How ‘Tales of the Black Freighter’ Relates to the Watchmen Universe


This Watchmen nestled comic-within-a-comic narrative has puzzled many readers since its publication in the mid-1980s, as it tells a tale of a marooned mariner, his desperate journey home, and the horrific acts he commits along the way. And though the Tales of the Black Freighter narrative might initially seem like an incongruous slice of pulp horror spliced within the larger narrative of Watchmen, upon closer inspection, it reveals itself as a thematic device that ties into the main narrative in many poignant ways, thus offering a stark reflection of the “real” world in Watchmen.

But how do the two actually connect? Well, the denizens of a world in which superheroes are real — and the public opinion of them has soured over time — don’t read comic books about fictitious characters with superhuman abilities since those aren’t actually fictitious within the Watchmen universe. Instead, the comic books in the world of Watchmen mostly revolve around pirates. Through the narrative, we see a young man reading a comic book titled Tales of the Black Freighter, specifically the two-issue story titled “Marooned.”

To understand the connection between the two narratives, we first have to familiarize ourselves with the “Marooned” story, in which a mariner has been stranded on a deserted island after his vessel suffered an attack by the eponymous Black Freighter — which is apparently a pirate ship. As he and all of his crewmates wash ashore, the sailor realizes that he’s the only one to have survived the attack and that all of his crewmates are actually dead. In order to get off the island, he puts together a raft made of his fellow crewmen’s gas-bloated corpses.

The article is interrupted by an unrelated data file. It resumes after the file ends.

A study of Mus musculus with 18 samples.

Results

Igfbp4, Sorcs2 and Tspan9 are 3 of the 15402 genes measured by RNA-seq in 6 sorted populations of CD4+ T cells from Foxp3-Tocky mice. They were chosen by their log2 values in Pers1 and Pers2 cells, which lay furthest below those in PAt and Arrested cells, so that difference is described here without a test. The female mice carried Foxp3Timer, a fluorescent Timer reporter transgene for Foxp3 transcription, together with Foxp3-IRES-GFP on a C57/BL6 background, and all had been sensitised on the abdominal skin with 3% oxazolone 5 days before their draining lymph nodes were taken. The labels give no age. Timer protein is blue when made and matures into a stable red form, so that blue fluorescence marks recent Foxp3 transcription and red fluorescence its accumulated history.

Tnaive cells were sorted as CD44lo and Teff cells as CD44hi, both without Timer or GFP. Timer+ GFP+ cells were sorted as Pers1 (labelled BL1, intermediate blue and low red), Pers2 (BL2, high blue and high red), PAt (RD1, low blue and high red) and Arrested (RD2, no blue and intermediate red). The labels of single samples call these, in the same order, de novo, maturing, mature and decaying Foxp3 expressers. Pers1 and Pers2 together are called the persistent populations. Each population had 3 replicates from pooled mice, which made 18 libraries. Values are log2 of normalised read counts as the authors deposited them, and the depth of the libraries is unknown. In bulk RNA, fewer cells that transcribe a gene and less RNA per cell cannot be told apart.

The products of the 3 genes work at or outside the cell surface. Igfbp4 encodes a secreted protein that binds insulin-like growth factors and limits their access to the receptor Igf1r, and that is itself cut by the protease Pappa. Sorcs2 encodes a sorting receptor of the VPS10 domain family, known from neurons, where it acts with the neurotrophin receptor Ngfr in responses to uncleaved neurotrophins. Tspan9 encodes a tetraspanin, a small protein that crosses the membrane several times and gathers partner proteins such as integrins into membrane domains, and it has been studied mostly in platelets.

As he desperately tries to get home to warn his friends and family about the impending Black Freighter, he has to eat seagulls that fly close by and, in addition, cannibalize bits and pieces of his former crewmen that compose the raft, as well as fight off sharks that were drawn to the “raft.” He even drinks seawater to survive the journey.

The mariner eventually losses his sanity and descends into madness, only to discover that he made it home. Upon reaching his home, which has been taken over by the Black Freighter pirates, he kills the first person he sees — his wife. Overcome with the shock and terror of his actions, the mariner flees and swims out to sea, where the Black Freighter is waiting.


Both the mariner and Ozymandias have descended into madness due to the unspeakable horrors they’ve done; the former uses his dead comrades as a raft and kills his wife, and the latter sacrifices his men and subordinates to achieve his ultimate goal. Both are antiheroes forced to do unspeakable deeds to the few for what they believe is for the greater good of the whole. Ozymandias’ plan, though monstrous, was ultimately designed to usher humanity into an enlightened and peaceful age. The potential benefits of this plan were recognized by Dr. Manhattan — portrayed by Yahya Abdul-Mateen II in the TV series.

However, Tales of the Black Freighter isn’t about Ozymandias’ arc alone, as it speaks about the horror and misguided intent that emerge from within each superhero in the Watchmen universe. Just as the mariner is horrified by his own transformation into the monster he wanted to save others from, the superheroes in the Watchmen universe are constantly confronted with the terrifying results of their actions (or inactions, in the case of Dr. Manhattan) regardless of how noble their intentions are.

On top of that, Tales of the Black Freighter breaks up the pacing and tension in the main Watchmen narrative, allowing readers to take a breather before plunging back into the main narrative. Thus, Tales of the Black Freighter is much more than a mere side story; it’s a thematic mirror, a commentary on the horror of good intentions gone awry, and the reflection of the world in which extreme vigilantism exists. The Black Freighter adds yet another layer of complexity to an already dense and literary-allusion-filled series and helps cement its ranking as one of the most important developments in this visual genre.